Guest Opinions

Saving money is not the best, or only, reason to offer more people Medicaid coverage

Trevor Buffi, Nampa, signs a petition for a Medicaid expansion initiative after meeting volunteer Laurie Durocher at the door in April.
Trevor Buffi, Nampa, signs a petition for a Medicaid expansion initiative after meeting volunteer Laurie Durocher at the door in April.

Much of the debate around Medicaid expansion centers on its financial impact, good or bad.

In fact, the Idaho Statesman recently published an article explaining how we already pay for some of the medical care received by uninsured Idaho residents, and how Medicaid expansion could reduce those costs.

In that same piece, Sven Berg explains that the state has requested an updated fiscal analysis, due out in June, to help clarify how expansion would affect state and local budgets. Some previous estimates performed by the state and others have predicted that Idaho will save money overall by expanding Medicaid — this has certainly happened in other states.

But while it is important to weigh the financial impacts of expanding Medicaid eligibility, money isn’t the only measuring stick Idaho should use. Too much of a focus on finances could lead some to suggest that expansion would be worthwhile only if it ends up saving the state money.

That just isn’t the case.

As a Medicaid researcher and physician-in-training, I know that Medicaid offers real benefits to the people who rely on it — and those benefits don’t usually show up in budgetary analyses.

Even if Idaho has to spend more than it saves to expand Medicaid, it’s a worthwhile investment. There is plenty of evidence on how it helps its beneficiaries, drawn from states that have already chosen to expand. Some of the highest quality research comes from the Oregon Health Insurance Experiment, which found that after enrolling in Medicaid, recipients spent less money out-of-pocket on health care and had virtually no catastrophic health expenditures. Rates of depression went down and self-reported measures of health got better.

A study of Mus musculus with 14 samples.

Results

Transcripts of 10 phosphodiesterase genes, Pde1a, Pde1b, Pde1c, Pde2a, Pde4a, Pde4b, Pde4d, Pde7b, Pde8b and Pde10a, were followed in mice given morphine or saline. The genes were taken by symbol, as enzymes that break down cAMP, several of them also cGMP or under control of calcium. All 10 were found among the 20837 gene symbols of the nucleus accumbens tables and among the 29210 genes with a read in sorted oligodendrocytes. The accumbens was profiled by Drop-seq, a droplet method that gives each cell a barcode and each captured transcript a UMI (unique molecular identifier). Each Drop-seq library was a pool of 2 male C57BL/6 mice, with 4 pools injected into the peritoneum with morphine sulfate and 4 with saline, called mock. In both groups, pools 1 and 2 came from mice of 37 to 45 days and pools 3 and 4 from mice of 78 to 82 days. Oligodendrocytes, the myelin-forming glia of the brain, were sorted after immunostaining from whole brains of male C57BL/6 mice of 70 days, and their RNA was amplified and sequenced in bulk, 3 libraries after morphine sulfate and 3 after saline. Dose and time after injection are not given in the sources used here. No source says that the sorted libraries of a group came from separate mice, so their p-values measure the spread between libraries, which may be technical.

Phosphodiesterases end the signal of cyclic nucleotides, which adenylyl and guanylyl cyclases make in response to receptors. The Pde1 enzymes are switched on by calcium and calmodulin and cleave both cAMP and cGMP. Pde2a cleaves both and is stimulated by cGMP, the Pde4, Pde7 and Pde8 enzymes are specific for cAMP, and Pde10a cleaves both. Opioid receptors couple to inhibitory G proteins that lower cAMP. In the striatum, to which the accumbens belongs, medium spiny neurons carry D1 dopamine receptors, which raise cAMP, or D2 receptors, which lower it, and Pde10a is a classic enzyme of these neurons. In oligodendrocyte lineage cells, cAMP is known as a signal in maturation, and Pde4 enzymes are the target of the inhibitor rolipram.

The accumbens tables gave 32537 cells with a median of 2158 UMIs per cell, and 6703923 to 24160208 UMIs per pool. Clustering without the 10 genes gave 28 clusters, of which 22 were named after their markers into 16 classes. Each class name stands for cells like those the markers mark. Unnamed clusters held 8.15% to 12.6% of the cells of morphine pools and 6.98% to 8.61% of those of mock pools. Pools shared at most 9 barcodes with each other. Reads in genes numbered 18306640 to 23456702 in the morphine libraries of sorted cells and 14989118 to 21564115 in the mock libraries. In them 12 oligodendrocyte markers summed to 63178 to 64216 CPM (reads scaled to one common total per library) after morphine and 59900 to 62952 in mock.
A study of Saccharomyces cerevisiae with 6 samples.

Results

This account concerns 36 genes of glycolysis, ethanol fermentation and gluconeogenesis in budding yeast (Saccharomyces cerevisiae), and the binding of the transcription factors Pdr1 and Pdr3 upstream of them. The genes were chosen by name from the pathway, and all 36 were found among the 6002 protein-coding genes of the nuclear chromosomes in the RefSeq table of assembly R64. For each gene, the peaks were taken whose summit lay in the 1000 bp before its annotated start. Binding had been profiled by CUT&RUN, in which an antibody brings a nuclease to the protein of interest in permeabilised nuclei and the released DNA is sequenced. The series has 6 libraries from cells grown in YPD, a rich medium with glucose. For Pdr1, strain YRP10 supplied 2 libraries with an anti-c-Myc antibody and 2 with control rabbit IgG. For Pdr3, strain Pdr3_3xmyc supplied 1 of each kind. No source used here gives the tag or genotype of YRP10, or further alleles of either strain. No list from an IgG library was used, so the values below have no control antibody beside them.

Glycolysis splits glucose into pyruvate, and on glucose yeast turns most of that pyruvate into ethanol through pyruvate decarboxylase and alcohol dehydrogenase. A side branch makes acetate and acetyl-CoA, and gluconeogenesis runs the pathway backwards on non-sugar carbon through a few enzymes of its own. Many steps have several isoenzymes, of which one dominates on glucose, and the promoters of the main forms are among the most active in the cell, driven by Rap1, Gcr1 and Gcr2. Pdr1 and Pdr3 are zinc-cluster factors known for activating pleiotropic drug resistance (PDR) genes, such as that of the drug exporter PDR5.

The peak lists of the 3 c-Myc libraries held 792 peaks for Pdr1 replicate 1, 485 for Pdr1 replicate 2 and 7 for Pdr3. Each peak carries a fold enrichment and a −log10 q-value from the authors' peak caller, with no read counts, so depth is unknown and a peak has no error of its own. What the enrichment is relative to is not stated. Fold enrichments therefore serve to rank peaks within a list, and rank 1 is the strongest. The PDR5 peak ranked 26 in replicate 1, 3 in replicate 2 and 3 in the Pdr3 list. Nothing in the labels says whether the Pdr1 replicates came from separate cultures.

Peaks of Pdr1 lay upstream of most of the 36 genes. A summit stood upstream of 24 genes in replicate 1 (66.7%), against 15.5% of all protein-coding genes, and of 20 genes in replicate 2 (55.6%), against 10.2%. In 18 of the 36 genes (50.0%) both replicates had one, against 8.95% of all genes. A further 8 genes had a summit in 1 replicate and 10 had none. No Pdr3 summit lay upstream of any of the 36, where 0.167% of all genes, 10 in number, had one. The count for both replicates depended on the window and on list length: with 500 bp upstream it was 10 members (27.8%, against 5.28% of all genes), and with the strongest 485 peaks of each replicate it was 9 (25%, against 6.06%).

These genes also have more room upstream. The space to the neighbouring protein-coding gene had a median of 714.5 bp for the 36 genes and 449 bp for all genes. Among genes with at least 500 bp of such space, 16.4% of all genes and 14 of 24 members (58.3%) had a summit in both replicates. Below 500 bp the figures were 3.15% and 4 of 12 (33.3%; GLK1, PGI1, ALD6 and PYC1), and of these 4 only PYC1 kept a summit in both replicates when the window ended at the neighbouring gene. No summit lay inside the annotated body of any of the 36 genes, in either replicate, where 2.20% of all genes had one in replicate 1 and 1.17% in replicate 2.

Other work suggests that Medicaid can improve credit scores, lead to earlier diagnosis of cancer, boost children’s future earnings, improve access to medical care for people with chronic diseases — and yes, even save lives.

Beyond these things, Medicaid offers help and hope to the most vulnerable in our state. It can change the lives of those who rely on it. Medicaid expansion would offer coverage to 62,000 people working hard to care for their families, but who lack access to another option for affordable health coverage. I would suspect that most Idahoans have either counted on Medicaid or know someone who has — I certainly do.

We also know neighbors, family, and friends who Medicaid would help, should expansion pass this fall. These are real people in our state, not just numbers on a spreadsheet.

Our state rightly chooses to spend money on things that don’t save money, whether that’s building public parks or funding police departments. These programs offer real benefits that the state doesn’t overlook in deciding whether to fund them, even when they show up in the lives of Idahoans rather than in a state balance book. We shouldn’t hold Medicaid to a different standard.

Daniel Nelson is from Nampa and is studying medicine at the University of Michigan and public policy at Harvard University. He helps direct policy and health care community outreach at Medicaid for Idaho, an organization seeking to expand Medicaid eligibility through a statewide ballot initiative.